You’ve likely heard of the Batgirl cancellation by now. In an unprecedented move, Warner Bros decided not to release the DC movie as part of a tax write-off. Initially destined for HBO Max, it’s now unlikely anyone will ever see the superhero movie.
Disappointing as this is for co-directors Adil El Arbi and Bilall Fallah, as well as stars Leslie Grace, Brendan Fraser, and Michael Keaton, at least they aren’t alone. Final Space, the animated series by YouTuber-turned-filmmaker Olan Rogers, is being removed from HBO Max for the same reason.
Now three seasons in and available on other platforms internationally, Final Space’s fate is a particular kind of cruel. Blu-ray box-sets compiling the seasons have stopped being produced, and once Netflix’s licence for distribution outside the US ends, that’s it, the show will no longer be publicly available anywhere.
Rogers posted a message on social media regarding the announcement, and you can feel him struggling to find the words. “Five years of work vanished,” he writes. “Your memory of Final Space will be the only proof it ever existed unless you own a copy.”
Commiserations could be shared with the cast and crew of Hemlock Grove, which is departing Netflix this October. One of the early Netflix series from when the service first started going heavy on original programming, Hemlock Grove’s dilemma is one of licensing. Gaumont International Television is the rights holder for Eli Roth’s horror series and Netflix’s licence isn’t being renewed.
Quite a few Netflix productions have suffered this fate, and many more still could do as agreements expire, or rights-holders decide to move their intellectual property elsewhere, like the Marvel series going to Disney Plus. Daredevil, Jessica Jones, The Punisher, and the rest of the Defenders shifting to the House of Mouse is a best-case scenario, where the art remains readily viewable on a widely available platform.
It’s not the most convenient for viewers, since it pushes them to pay for another service, but at least the TV series can still be easily found. What Warner Bros has done is more insidious, treating art as cold business where only the bottom line matters. It’s all endemic to the continued precariousness of streaming services.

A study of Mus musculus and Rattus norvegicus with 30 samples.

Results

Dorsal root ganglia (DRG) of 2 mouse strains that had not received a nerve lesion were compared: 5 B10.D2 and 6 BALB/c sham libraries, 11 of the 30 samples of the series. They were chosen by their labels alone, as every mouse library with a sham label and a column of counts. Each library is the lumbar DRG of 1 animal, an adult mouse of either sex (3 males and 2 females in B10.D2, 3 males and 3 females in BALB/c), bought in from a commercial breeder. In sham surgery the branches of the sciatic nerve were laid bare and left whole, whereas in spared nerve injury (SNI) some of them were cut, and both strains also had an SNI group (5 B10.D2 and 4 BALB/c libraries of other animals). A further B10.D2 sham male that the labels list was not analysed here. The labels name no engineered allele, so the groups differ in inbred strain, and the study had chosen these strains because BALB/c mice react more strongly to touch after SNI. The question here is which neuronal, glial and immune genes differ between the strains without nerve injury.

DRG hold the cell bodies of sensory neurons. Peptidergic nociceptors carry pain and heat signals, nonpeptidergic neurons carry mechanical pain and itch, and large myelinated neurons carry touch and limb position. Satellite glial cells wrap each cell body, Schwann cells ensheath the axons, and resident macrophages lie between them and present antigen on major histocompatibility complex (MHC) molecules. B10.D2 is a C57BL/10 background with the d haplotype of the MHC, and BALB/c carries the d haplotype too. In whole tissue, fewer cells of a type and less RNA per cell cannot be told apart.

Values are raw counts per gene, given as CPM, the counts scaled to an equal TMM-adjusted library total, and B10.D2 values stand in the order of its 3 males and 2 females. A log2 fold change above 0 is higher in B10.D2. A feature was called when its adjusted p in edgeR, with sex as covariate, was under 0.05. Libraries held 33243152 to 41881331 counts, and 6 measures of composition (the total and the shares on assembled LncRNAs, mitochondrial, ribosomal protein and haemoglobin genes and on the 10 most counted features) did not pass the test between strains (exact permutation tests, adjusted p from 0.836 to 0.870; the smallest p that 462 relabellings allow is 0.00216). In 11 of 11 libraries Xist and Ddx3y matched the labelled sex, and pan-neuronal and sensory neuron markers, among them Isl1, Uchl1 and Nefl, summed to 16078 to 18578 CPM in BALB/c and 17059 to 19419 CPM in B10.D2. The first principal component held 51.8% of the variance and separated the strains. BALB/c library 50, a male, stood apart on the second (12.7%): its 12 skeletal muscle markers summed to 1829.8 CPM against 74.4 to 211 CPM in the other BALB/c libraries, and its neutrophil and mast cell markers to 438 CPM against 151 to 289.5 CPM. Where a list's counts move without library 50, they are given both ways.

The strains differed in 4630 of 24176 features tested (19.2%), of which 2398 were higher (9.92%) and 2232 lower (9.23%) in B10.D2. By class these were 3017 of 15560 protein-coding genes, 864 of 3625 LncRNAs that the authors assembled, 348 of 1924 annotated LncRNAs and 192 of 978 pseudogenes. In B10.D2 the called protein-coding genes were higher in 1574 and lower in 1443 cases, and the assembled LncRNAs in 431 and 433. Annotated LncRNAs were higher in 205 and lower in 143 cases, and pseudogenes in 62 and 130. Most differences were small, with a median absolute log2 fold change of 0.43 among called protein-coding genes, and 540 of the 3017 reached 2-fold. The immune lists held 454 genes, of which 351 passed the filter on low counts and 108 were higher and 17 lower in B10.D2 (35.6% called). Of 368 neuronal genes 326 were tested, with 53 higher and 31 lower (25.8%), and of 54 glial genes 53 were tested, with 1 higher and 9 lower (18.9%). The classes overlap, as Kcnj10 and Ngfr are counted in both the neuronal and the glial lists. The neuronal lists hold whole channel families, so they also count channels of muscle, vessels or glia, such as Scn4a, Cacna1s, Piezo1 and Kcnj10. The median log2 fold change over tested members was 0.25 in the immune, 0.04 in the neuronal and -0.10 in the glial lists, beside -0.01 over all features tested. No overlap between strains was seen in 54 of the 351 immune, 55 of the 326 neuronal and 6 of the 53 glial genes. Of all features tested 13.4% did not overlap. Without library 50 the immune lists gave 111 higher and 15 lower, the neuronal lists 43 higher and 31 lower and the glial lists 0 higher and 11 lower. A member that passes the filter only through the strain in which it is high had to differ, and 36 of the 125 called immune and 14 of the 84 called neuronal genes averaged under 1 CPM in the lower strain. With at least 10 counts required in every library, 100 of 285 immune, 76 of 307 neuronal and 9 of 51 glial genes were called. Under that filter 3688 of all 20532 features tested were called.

These decisions can be made for anything, on any platform. Everything you access via subscription only is entirely at the behest of the parent company, and you’ve no recourse if something you love just isn’t there one day.
Whenever incidents like Final Space or Hemlock Grove get wider coverage, film and TV communities at large bubble with the need for physical media. It’s more expensive and can take up a lot of room, but once you have something on disc, it belongs to you. I can’t disagree, and am frequently among the advocates for picking up your faves on Blu-ray or vinyl or whatever else, wherever possible.
But that doesn’t really solve the underlying problems around preservation and access. Final Space DVDs are great for their owners, but if anyone else wants to see the show, they’ll have to either buy a copy second hand or kindly ask if they can borrow it.
We need more initiatives that make sure people have access to art beyond perusing the collector’s market for whatever physical copies remain. Local and state-funded bodies who work with distributors to ensure that once something enters the public sphere, it remains so. The BBC iPlayer is a perfect example.
Right now, you can peruse a selection of some of the best movies of all time and various shows on the iPlayer for free. This includes recent broadcasts from the BBC itself, giving users releases both contemporary and classic to choose from. At the time of writing, Citizen Kane, King Kong, The Thing from Another World, Moonlight, Battlestar Galactica, and Devs are all on there. That’s an incredible range, offering a wealth of entertainment the length of Hollywood’s history for viewers.
People are using it, too. Data from April 2021 states that over 10.5 million users watched something on the BBC iPlayer on a weekly basis. That’s over 40 million monthly, almost four times the forecast for Netflix’s British user base. The iPlayer is a bespoke national resource that guarantees you access to TV and film regardless of your circumstances.
Many libraries offer DVDs and Blu-rays, available to borrow just like you would books. These are crucial for anything that’s only ever gotten limited re-releases, because the hurdles that befell Final Space and Hemlock Grove have existed for some time. A great many movies and TV series have yet to even get as far as a proper streaming release, stuck in the vault of their rights holders.
Money and space should not be prerequisites for someone’s ability to access and experience art. There should be a contingency plan for when giant corporations and distributors view entertainment purely in the form of financial gains. No amount of three-disc Criterion special editions or 4K steelbooks would have changed anything for Batgirl or Final Space, and we need to find solutions that aren’t just excuses to brag about how many bookshelves full of Blu-rays anyone owns.